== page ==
RV Batteries - 6 or 12 - Volts, That Is

I'm just wondering if I'm better off with two, 6-volt batteries wired in series, rather than using just one 12-volt battery instead. I’ve heard a variety of reasons why and why not. What is your opinion?
David, (North Andover, MA)
 
David, you’ll find this topic both cussed and discussed often! My take? Replacing 12-volt batteries with 6-volt batteries will usually increase the capacity to store amperage. I am a fan of using 6-volt, true deep cycle batteries for the house system when possible. It really boils down to simple math. As an example; two Group 24 (12-volt) batteries connected in parallel yields approximately 170 combined amps of storage (about 85-amps each). Two Trojan 6-volt batteries wired in series yields about 225 amps at 12-volts. The more batteries you add, obviously the more current you’ll be able to store. Four 6-volt batteries wired into a series-parallel configuration, as another example, will provide about 450 amp-hours of use. Even if you had two, larger, Group 27 (12-volt) batteries in parallel, they only total about 210 amps, still less than two 6-volt golf cart batteries connected in series.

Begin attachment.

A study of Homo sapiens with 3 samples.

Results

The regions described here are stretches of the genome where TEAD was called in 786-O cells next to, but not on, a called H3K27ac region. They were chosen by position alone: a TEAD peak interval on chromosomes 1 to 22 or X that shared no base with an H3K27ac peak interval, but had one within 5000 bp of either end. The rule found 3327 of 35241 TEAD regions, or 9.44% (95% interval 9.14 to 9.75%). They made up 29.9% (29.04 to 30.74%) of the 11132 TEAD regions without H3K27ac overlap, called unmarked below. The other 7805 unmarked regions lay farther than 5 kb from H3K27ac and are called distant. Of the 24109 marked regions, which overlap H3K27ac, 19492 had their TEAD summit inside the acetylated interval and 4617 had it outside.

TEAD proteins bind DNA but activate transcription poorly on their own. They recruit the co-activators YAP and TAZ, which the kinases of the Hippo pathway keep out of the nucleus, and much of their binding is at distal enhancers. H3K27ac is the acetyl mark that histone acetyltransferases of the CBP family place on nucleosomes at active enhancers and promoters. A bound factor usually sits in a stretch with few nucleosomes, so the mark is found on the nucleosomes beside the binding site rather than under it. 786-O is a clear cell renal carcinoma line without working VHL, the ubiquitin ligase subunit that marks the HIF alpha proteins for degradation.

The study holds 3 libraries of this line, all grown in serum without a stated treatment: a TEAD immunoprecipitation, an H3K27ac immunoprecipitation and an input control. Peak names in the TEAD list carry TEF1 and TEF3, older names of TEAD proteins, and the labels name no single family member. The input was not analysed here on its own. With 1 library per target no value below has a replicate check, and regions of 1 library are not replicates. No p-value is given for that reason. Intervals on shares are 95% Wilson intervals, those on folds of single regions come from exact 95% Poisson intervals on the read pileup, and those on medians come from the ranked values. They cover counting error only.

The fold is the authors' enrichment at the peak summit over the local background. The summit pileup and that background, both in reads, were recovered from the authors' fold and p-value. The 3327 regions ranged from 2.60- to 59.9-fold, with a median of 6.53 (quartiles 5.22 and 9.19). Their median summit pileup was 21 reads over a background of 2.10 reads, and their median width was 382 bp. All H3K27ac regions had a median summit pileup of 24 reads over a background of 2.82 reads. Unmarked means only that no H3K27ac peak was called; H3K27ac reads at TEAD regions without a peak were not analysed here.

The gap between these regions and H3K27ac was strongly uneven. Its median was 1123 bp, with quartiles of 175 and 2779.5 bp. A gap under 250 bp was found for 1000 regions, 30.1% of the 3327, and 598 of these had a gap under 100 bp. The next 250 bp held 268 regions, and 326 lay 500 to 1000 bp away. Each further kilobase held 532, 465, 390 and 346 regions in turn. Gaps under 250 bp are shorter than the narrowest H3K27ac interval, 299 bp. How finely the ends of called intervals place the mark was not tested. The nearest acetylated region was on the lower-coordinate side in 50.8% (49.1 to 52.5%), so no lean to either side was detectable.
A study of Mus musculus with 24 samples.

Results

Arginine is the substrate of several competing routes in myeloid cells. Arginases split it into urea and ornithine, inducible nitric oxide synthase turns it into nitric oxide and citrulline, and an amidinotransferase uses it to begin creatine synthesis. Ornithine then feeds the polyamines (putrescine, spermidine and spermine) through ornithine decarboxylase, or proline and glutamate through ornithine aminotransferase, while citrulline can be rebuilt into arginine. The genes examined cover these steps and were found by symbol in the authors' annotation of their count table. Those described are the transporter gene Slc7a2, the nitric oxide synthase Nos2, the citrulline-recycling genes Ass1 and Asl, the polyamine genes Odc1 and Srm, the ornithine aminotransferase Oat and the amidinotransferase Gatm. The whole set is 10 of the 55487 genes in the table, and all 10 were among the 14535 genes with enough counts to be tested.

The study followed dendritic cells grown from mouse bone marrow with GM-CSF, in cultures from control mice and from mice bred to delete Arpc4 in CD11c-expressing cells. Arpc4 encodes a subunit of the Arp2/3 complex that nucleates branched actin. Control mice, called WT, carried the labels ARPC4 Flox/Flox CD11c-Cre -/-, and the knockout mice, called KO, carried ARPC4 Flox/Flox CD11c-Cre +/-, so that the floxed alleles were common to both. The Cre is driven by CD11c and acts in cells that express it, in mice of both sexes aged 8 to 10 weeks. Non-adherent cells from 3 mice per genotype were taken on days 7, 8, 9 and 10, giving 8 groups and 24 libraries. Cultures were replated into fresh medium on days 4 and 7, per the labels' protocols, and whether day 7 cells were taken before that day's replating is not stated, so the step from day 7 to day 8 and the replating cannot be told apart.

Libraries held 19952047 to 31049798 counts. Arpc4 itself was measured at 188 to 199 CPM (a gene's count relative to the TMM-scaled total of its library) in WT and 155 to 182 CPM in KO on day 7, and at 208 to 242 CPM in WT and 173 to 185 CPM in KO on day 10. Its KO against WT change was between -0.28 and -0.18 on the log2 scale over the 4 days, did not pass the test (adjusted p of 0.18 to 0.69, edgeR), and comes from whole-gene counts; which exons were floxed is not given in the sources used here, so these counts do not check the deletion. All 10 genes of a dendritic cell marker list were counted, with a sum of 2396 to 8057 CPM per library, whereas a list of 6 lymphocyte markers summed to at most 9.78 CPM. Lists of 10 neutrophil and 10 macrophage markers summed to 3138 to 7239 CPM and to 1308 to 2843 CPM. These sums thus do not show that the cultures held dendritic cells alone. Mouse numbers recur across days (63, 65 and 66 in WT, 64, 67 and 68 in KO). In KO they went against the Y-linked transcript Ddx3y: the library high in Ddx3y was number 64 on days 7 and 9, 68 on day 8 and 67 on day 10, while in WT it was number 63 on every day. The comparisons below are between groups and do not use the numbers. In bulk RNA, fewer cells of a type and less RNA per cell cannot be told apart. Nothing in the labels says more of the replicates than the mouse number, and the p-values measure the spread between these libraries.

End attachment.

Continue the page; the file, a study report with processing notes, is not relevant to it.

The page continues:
When connecting two 6-volt batteries in series, attach the hot lead (from the RV) to the positive post of one battery and the negative lead or ground connection to the negative post of the second battery. A short section of battery cable will connect between the negative post of the first 6-volt battery to the positive post of the other 6-volt battery, completing the 12-volt output configuration (see illustration at left).

Realize that at the basic level, all DC components found in today’s production coaches are powered by 12-volts. If 6-volt batteries are employed, a minimum of two must be connected together in order to provide the 12-volt output needed. If you were to connect two, 12-volt batteries in series, the output voltage would measure 24-volts. Likewise, two 6-volt batteries connected in parallel would yield a nominal 6-volts only. You can see the importance of knowing how your system is wired!

In effect, what exists on the right are two “sets” of 6-volt batteries. Each set contains two 6-volt batteries wired in series and then the two sets are connected together in parallel. And like their 12-volt cousins, for optimum performance, all batteries in any battery bank should be the same type, the same size and the same age. 

RV batteries are a substantial investment, so it makes perfect sense to be able to get the most out of that investment. And my motto has always been; carry as much battery capacity that you have room for and that your wallet can endure.